The deliberate publication of false or inaccurate information in social media is so alarming that it has been named the “Pandemic of Disinformation in COVID-19.” It can come in different forms, starting from spreading unverified information, to publishing lies and falsifying documents and pictures. Facebook, YouTube and Instagram are all mobilized in this war against lies.
Disinformation has become so clever and sophisticated that individuals are unable to defend against it on their own. Expert fact checkers are needed to let the truth prevail. The Health Ministry has taken these threats very seriously, investing millions of shekels in health education to encourage young adults to vaccinate and setting up an elite, technically savvy unit to scour the Internet to search for and remove viral fake news that could potentially damage Israel’s coronavirus vaccination efforts.
However, this war against fake news diverts our attention from subtler and institutionalized forms of ‘mind engineering’ routinely practiced by Israeli broadcasting channels. Here is one such example: Corresponding with the partial reopening of Israeli schools to children aged 7-11, Health Minister Yuli Edelstein, announced that he was considering legislation that would enable employers to prevent workers who aren’t vaccinated against the coronavirus from coming in to work. He warned the bill would also apply to those in the education system.
As this bill would constitute a significant encroachment on employees’ freedom of choice, freedom of employment, the right to medical confidentiality and informed consent, one would expect it would be the subject of heated discussions. But instead of hosting such public discussions on the ethical, epidemiological and judicial merits of such radical legislation, the media chose to frame the story as a conflict between helpless and defenseless children and negligent teachers who refuse to vaccinate. A popular and rather prestigious news site ran the headline: “Teachers refused to vaccinate and sent tens of children to isolation.”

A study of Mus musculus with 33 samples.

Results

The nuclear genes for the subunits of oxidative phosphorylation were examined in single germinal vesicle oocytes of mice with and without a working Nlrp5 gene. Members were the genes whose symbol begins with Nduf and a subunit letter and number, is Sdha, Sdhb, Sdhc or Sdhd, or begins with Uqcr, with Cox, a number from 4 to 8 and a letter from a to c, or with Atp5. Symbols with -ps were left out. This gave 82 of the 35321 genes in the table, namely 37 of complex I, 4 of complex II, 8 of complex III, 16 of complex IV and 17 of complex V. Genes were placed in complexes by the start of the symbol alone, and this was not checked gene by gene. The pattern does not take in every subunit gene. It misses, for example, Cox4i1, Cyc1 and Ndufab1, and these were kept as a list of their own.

The health minister commented that by refusing to vaccinate, teachers failed to uphold the most important part of their job – to protect children from harm.” Next to this item, readers were informed of a new study reporting that the vaccine has shown a 94% efficacy in preventing serious illness. And next to that, an alarming headline announced that the UK variant is running wild and hitting children at a worrying rate.
This type of coverage is misleading since vaccinated teachers can infect the children. Any of the children can send these children to self-isolation, as well as an unvaccinated parent. It is also possible for an unvaccinated teacher to be extra careful and ensure that the protective health guidelines are closely followed. Yet, these headlines depict vaccine hesitancy as irrational at best and criminal at worst. This critical mass of news is designed to enrage the viewers and morally blemish a new category of offenders – those who refuse to vaccinate. Conveniently framing the story as one of villains and victims, media coverage confuses the issues of vaccine hesitancy and objecting mandatory vaccination. In so doing, it does more than silence any objections to mandatory vaccination; it attempts to justify it.
Exaggeration and intensity of media content are potent tools with which to manufacture moral panic. Moral panic gathers converts by inflaming people’s fears and by depicting specific individuals as problems and symbols of “all that is wrong with the nation. A frightened and panicked public can be manipulated into relinquishing rights and freedoms, all in the name of public health.
It is exactly in times of crisis and uncertainty that the institutionalized media – public and private – should press politicians and decision-makers to suggest alternative measures that honor the laws of civil rights and personal freedoms. It needs to urge decision-makers to base their decisions on indisputable clinical evidence and share relevant information with the public – instead of concealing protocols and shortcutting legislative processes. Journalists should provide a public stage on which to debate the costs of any quickly formed legislation that would dramatically alter the power relationships between citizens and government.
The writer is head of the Dror (Imri) Aloni Center for Health Informatics, Ruppin Academic Center.